The ‘Spirit of Innovation’ broke three world records earlier this month, according to its manufacturer.
Three world records for electric flight have been smashed by one plane, the British aerospace manufacturer Rolls-Royce has claimed.
The ‘Spirit of Innovation’ became the fastest ever all-electric, battery-powered aircraft earlier this month, hitting a top speed of 555.9 km/h over a distance of 3 km at a test site in the United Kingdom.
Rolls-Royce said it believed the single-seater plane, which only took its maiden flight in September, also became the fastest electric vehicle in history when it hit speeds of 623 km/h during a longer 15 km flight.
It also broke the record for the fastest climb by an all-electric aircraft, shaving 60 seconds off the previous record as it climbed 3,000 m in 202 seconds.
The Spirit of Innovation is powered by a 400 kilowatt electric motor that outputs the equivalent power of a 535 horsepower engine.
Also on board are 6480 battery cells, which Rolls-Royce claims make up the "most power-dense propulsion battery pack ever assembled in aerospace".
The electric plane is part of the Accelerating Electric Flight Project (ACCEL), half of which is funded by the UK government and Britain's Aerospace Technology Institute.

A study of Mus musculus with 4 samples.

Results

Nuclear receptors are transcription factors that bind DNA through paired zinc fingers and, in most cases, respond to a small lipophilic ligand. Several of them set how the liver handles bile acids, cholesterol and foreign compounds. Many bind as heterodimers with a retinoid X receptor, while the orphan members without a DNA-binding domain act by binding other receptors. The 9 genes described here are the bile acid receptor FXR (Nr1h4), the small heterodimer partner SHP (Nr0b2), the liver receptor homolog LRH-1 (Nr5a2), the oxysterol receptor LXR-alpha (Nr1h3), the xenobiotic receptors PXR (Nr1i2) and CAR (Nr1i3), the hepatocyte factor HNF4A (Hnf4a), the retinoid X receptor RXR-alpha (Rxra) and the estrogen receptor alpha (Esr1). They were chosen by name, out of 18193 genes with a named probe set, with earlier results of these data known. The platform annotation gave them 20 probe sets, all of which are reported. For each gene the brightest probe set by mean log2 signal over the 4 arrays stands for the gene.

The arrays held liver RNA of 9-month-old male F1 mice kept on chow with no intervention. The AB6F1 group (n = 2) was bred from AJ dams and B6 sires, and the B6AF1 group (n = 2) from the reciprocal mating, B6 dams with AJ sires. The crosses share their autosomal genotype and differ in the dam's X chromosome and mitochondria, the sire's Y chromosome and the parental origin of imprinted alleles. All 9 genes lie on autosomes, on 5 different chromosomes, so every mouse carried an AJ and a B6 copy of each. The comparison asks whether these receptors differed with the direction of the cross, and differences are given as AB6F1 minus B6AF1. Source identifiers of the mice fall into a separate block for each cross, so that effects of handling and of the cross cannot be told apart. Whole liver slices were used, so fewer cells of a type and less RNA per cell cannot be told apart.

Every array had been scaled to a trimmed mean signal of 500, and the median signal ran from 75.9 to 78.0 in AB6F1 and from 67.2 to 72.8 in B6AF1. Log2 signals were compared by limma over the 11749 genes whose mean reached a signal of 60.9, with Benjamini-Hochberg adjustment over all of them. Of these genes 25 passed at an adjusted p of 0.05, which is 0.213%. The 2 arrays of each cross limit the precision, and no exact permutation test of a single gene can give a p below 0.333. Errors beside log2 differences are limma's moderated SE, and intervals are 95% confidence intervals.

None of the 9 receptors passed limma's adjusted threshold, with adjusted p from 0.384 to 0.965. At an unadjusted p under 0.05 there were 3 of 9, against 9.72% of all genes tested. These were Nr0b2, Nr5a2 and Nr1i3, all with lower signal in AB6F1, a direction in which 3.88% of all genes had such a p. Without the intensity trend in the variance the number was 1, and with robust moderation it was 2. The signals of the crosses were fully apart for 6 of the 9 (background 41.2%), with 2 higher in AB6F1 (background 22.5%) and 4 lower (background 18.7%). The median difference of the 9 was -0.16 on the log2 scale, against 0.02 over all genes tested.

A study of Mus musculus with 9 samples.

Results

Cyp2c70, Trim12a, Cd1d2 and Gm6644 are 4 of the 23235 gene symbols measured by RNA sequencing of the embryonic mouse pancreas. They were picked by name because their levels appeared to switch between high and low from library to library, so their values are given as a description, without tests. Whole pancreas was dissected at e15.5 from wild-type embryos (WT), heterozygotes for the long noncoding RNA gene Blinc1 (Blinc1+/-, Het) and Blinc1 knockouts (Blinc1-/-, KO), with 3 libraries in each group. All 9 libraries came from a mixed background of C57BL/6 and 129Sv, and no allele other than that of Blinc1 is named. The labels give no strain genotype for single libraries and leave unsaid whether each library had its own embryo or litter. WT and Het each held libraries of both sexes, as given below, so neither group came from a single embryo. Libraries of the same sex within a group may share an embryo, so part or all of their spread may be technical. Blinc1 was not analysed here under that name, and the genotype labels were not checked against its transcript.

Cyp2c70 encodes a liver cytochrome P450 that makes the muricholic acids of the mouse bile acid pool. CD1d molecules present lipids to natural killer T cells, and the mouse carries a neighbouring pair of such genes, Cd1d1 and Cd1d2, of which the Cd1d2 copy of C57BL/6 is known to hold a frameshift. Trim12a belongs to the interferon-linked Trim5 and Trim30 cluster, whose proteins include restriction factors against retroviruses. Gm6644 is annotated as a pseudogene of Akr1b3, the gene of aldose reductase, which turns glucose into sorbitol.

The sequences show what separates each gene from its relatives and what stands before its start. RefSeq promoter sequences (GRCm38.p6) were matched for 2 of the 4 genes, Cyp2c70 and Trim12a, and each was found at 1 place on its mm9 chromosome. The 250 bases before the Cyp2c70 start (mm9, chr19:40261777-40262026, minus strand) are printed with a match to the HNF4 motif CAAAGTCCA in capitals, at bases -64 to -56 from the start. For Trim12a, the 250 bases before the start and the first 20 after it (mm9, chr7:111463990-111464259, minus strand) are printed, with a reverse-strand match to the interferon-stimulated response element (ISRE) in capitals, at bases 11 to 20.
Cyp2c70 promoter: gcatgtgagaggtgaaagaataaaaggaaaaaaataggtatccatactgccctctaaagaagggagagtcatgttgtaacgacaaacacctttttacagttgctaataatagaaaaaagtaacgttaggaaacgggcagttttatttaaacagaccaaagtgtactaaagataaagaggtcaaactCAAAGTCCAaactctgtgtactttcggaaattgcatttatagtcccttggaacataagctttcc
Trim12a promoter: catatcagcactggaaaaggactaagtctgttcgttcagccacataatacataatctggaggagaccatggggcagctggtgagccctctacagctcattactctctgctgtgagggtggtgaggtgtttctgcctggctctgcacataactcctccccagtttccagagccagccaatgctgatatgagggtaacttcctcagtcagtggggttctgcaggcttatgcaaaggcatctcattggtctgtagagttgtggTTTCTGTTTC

While the claim to be the world's fastest electric vehicle is a technological achievement in its own right, the project also provided data that will feed into the development of future electric passenger aircraft, Rolls-Royce said.
"Following the world’s focus on the need for action at COP26, this is another milestone that will help make 'jet zero' a reality and supports our ambitions to deliver the technology breakthroughs society needs to decarbonise transport across air, land and sea," the company's CEO Warren East said.
The record-setting test runs took place at the UK Ministry of Defence’s Boscombe Down experimental aircraft testing site on November 16.
Rolls-Royce said it had submitted data for the flights to the Fédération Aéronautique Internationale (FAI), the sporting body that controls aeronautical world records, and hoped they would be certified "in the near future".